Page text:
AAPG Bulletin


Volume: 49 (1965)

Issue: 7. (July)

First Page: 1091

Last Page: 1091

Title: Geology Analysis of Well Logs: ABSTRACT

Author(s): John E. Walstrom, Frank L. Campbell

Article Type: Meeting abstract


Well logs serve many purposes. One part of log usage is directed toward evaluation of formation parameters: porosity, permeability, water saturation, and water salinity. Another, and perhaps the most extensive, part of log usage is applied to exploratory prospect or field-development studies related to correlation, and lithologic, structural, and stratigraphic definition. A survey of analytical practices supporting these studies finds that new logging methods and techniques are providing more direct and quantitative approaches to supplement subjective experience-based practices previously available.

The non-electrical logging methods, particularly the nuclear magnetic, density, and acoustic surveys, are affording additional opportunities for correlation and lithologic analysis. Previous HitDigitalNext Hit dipmeter logging and oriented sidewall coring appear to be excellent sources for detailed data necessary for locating faults, relating a well's structural position to the prospect, or studying stratigraphic-structural inter-relationships. Computer Previous HitprocessingNext Hit is a key part of applied practices to exploit these new methods. Uniform log preparation for correlation and stratigraphic studies, dipmeter Previous HitprocessingNext Hit for structural analysis, and log combination for lithologic determination will be possible by computer Previous HitprocessingNext Hit of Previous HitdigitalNext Hit log data.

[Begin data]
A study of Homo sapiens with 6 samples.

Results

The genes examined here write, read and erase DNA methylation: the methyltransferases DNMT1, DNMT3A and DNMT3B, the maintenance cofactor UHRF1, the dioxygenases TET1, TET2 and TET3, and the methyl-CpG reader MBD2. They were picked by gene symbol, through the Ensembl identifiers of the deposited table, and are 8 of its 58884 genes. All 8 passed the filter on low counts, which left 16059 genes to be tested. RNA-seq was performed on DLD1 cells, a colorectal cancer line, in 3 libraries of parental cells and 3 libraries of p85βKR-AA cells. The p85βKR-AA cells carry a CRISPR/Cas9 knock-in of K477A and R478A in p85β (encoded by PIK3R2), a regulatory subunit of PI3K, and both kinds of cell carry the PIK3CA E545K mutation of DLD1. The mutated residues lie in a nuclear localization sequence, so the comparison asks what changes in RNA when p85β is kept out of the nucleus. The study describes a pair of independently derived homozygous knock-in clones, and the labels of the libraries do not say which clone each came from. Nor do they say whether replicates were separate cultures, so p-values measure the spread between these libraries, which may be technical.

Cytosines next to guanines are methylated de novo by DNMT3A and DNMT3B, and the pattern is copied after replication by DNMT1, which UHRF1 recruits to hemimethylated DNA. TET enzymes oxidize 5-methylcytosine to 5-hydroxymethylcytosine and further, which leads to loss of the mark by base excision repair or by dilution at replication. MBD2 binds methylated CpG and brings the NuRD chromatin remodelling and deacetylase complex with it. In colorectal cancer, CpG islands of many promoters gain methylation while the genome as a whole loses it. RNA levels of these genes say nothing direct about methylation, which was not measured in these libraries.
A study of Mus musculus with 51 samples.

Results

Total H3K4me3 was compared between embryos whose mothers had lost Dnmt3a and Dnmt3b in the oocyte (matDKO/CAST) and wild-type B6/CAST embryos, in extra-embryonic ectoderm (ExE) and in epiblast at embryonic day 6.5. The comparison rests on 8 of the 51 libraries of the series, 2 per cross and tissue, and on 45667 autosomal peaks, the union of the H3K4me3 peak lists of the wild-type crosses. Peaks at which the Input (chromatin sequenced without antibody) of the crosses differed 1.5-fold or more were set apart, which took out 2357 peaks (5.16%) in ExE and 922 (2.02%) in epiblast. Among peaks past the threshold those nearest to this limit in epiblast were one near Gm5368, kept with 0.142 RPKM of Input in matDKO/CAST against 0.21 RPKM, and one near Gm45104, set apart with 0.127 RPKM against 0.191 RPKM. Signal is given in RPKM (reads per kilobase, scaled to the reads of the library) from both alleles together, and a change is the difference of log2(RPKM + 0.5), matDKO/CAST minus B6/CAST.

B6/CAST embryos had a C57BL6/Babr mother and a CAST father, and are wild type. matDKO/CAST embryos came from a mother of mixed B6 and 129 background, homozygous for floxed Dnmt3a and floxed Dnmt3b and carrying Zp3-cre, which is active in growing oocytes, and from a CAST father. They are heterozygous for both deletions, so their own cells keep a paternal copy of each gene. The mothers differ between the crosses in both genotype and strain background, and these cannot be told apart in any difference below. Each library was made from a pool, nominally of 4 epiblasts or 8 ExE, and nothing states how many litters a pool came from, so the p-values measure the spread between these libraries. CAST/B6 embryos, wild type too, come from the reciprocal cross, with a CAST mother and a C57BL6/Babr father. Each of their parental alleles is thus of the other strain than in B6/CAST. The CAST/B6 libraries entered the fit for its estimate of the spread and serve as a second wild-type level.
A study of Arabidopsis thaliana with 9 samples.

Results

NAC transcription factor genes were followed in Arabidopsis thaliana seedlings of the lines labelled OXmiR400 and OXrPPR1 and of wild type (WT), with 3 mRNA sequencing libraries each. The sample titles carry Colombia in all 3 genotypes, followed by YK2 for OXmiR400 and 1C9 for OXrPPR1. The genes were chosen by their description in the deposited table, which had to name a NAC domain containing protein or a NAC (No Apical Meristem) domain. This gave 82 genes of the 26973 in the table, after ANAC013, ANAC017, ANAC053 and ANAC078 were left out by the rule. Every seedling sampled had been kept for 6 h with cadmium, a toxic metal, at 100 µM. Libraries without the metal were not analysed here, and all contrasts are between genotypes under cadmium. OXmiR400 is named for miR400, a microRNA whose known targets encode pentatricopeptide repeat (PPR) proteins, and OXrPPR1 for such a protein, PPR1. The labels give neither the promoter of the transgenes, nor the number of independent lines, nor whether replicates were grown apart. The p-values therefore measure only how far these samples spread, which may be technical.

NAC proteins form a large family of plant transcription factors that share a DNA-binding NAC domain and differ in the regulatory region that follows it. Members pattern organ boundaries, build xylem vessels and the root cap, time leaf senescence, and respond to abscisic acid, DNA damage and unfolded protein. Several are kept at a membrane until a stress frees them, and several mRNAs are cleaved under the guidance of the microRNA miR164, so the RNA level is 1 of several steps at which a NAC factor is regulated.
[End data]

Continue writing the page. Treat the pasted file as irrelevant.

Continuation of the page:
Many factors together form a log. The logging milieu contains a geologic model with numerous physical, chemical, and electrical properties, a bore-hole which produces effects obscuring geological information, and sophisticated tools which, together with variances in their operating mode, superimpose non-geological character on the log. Although some newer logging methods respond to fewer formation variables and are freer of bore-hole effects than older systems, unfortunately others are leaving their non-geologic fingerprints on the formation patterns. These factors combine to make technical understanding of the theory and practice of modern logging systems a necessary prerequisite to finding best uses and appreciating limitations of geological analysis of well logs.